The Clinton presidency is still with the nation in ways that make it difficult to draw sound judgments about its lasting historical legacy. However, scholars are beginning to focus on some aspects of his administration in which Clinton's historical importance might be significant.
For example, Clinton managed to remake the image and operations of the Democratic Party in ways that effectively undermined the so-called Reagan Revolution. His "New Democrat" Party co-opted the Reagan appeal to law and order, individualism, and welfare reform, and made the party more attractive to white middle-class Americans. At the same time, the reborn party retained traditional Democratic commitments to providing for the disadvantaged, regulating the excesses of the private market place, supporting minorities and women, and using government to stimulate economic growth. Moreover, Clinton capitalized on growing dissatisfaction with far right-wing extremism within the Republican Party. Nevertheless, Clinton's claims to a lasting,
positive legacy for the Democratic Party have been severely undermined by two realities: the shift in control of Congress to the Republican Party on his watch and the loss by his would-be successor, Vice President Al Gore, in the 2000 presidential election. Thus, Clinton's partisan legacy remains complex and uncertain.
Additionally, the Clinton presidency will certainly be studied and evaluated in terms of its major domestic success: eliminating the federal deficit and overseeing the strongest economy in recent memory. Although there has been some partisan debate about the extent to which the 1990's boom can be attributed to Clinton, the mainstream interpretation now tends to give
great credit to Clinton and his economic team, especially Robert Rubin of the National Economic Council and later the secretary of the Treasury, for uncommon fiscal discipline in 1993. These efforts fueled a period of confidence in the financial markets. What is unclear is whether this great economic success will weigh very heavily in the judgment of future historians, who tend
to evaluate Presidents more on enduring programs than on the quality of their budgets; a new national health care system would have been just such a program. Clinton's failure to win that battle may thus loom larger in the judgment of history than the economic successes that benefited Americans of his era. This may be especially true in Clinton's case, since his successor as President, George W. Bush, took steps which reversed the nation's fiscal position, from one of exceptional surpluses to one of exceptional deficits.
In terms of foreign policy, the Clinton record is also mixed. One of Clinton's core missions as President, he often said, was to prepare Americans for a world in which global economic forces failed to respect national boundaries. Perhaps his greatest accomplishments, then, came in the area of economic globalization-—establishing several new regimes of free trade, with NAFTA and GATT. Moreover, he and the Rubin Treasury Department, with the important assistance of Treasury Deputy Secretary Lawrence Summers, headed off a number of economic catastrophes in the developing world. But the complexities of the currency problems in Mexico and East Asia may deprive the administration of some of the credit it rightly deserves for resolving these problems. Not many Americans understood, or understand, exactly what was at stake in these arcane currency interventions. Those who watched carefully, however, often claim that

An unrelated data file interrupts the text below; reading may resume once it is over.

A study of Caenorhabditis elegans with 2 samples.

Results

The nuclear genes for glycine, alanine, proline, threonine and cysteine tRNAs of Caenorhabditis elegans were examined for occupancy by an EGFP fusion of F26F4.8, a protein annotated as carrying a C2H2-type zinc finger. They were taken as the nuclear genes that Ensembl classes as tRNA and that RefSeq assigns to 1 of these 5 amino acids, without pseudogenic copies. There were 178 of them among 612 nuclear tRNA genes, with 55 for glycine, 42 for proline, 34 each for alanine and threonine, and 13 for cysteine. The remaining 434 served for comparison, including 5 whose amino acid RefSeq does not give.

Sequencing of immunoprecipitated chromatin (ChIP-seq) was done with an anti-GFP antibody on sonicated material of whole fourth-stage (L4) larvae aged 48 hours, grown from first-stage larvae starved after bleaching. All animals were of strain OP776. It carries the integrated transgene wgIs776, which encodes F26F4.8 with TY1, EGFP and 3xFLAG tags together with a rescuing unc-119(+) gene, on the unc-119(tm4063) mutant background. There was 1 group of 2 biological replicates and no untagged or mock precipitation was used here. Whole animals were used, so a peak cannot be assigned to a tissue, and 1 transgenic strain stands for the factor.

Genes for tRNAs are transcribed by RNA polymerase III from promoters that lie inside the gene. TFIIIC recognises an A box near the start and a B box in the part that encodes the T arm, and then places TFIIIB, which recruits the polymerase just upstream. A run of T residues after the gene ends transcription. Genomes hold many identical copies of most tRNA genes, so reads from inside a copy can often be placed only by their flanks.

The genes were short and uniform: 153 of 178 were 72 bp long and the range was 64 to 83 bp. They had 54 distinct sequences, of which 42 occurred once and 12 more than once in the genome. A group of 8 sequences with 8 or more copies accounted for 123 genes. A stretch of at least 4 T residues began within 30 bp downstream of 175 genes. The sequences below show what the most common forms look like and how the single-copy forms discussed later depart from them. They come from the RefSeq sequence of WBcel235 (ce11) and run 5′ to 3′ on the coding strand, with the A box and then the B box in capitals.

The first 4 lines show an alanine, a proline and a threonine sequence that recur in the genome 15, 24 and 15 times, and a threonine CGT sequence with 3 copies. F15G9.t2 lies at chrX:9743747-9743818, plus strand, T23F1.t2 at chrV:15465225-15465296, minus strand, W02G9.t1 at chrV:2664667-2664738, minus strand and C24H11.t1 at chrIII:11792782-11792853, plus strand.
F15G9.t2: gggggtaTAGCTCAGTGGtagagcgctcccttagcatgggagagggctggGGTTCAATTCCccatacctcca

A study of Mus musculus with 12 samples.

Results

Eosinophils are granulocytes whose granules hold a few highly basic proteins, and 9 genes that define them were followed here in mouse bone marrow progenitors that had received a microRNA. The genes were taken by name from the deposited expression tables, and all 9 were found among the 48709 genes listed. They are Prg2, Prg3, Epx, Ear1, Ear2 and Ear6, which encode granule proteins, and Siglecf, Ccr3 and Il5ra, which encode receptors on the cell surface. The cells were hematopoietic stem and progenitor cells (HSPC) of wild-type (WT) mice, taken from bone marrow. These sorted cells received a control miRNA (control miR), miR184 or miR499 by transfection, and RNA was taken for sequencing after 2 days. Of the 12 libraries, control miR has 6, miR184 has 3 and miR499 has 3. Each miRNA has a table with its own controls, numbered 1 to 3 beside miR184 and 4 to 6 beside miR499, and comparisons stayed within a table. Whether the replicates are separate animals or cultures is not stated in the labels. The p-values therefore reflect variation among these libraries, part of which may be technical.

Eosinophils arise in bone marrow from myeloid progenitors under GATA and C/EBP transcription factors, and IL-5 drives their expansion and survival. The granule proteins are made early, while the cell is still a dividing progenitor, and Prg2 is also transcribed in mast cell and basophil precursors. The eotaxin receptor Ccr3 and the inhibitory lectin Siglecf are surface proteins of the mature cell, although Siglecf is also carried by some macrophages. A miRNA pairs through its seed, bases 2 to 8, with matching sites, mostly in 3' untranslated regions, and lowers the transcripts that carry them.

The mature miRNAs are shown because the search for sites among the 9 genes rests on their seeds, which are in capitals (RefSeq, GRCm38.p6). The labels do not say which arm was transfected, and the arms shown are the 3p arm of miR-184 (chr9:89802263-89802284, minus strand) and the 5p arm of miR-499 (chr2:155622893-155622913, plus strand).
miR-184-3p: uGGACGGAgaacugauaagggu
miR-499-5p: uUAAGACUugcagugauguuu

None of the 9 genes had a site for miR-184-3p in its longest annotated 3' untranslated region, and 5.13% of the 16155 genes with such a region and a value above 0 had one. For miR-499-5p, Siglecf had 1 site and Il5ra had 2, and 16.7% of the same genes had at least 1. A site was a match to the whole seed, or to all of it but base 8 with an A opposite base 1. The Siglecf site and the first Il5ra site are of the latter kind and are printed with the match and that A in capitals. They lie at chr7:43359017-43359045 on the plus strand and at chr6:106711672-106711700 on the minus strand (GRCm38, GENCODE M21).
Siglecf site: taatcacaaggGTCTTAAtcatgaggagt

the exercise of creative, unilateral executive power in the Mexican peso crisis, when the congressional leadership refused to provide legislative support, was one of Bill Clinton's brightest moments.
The President's success in the Balkans will undoubtedly resonate well historically, as the administration helped end a conflict that threatened both the security of Europe and the viability of transatlantic cooperative arrangements. But the failure to act in Rwanda, in particular, seems likely to loom large in future historical evaluations. Clinton's overall management of the immediate post-Cold War environment will certainly endure great scrutiny.
Finally, it is probably the case that few Clinton historical retrospectives will get very far before noting that this was only the second American President to suffer the disgrace of impeachment. It is evident from the presidency of his successor that any harm Clinton did to the institution of the presidency was, all things considered, rather meager, as the younger Bush has amassed an extraordinary degree of power in that office. But the damage done to Clinton's place in history is far more pronounced and probably permanent. Future historians will likely evaluate not
just what Clinton did, but also what he did not accomplish, because he was tied-up in a second-term struggle for political survival. It is this consideration of "what might have been" that may be Clinton's greatest obstacle to gaining historical stature.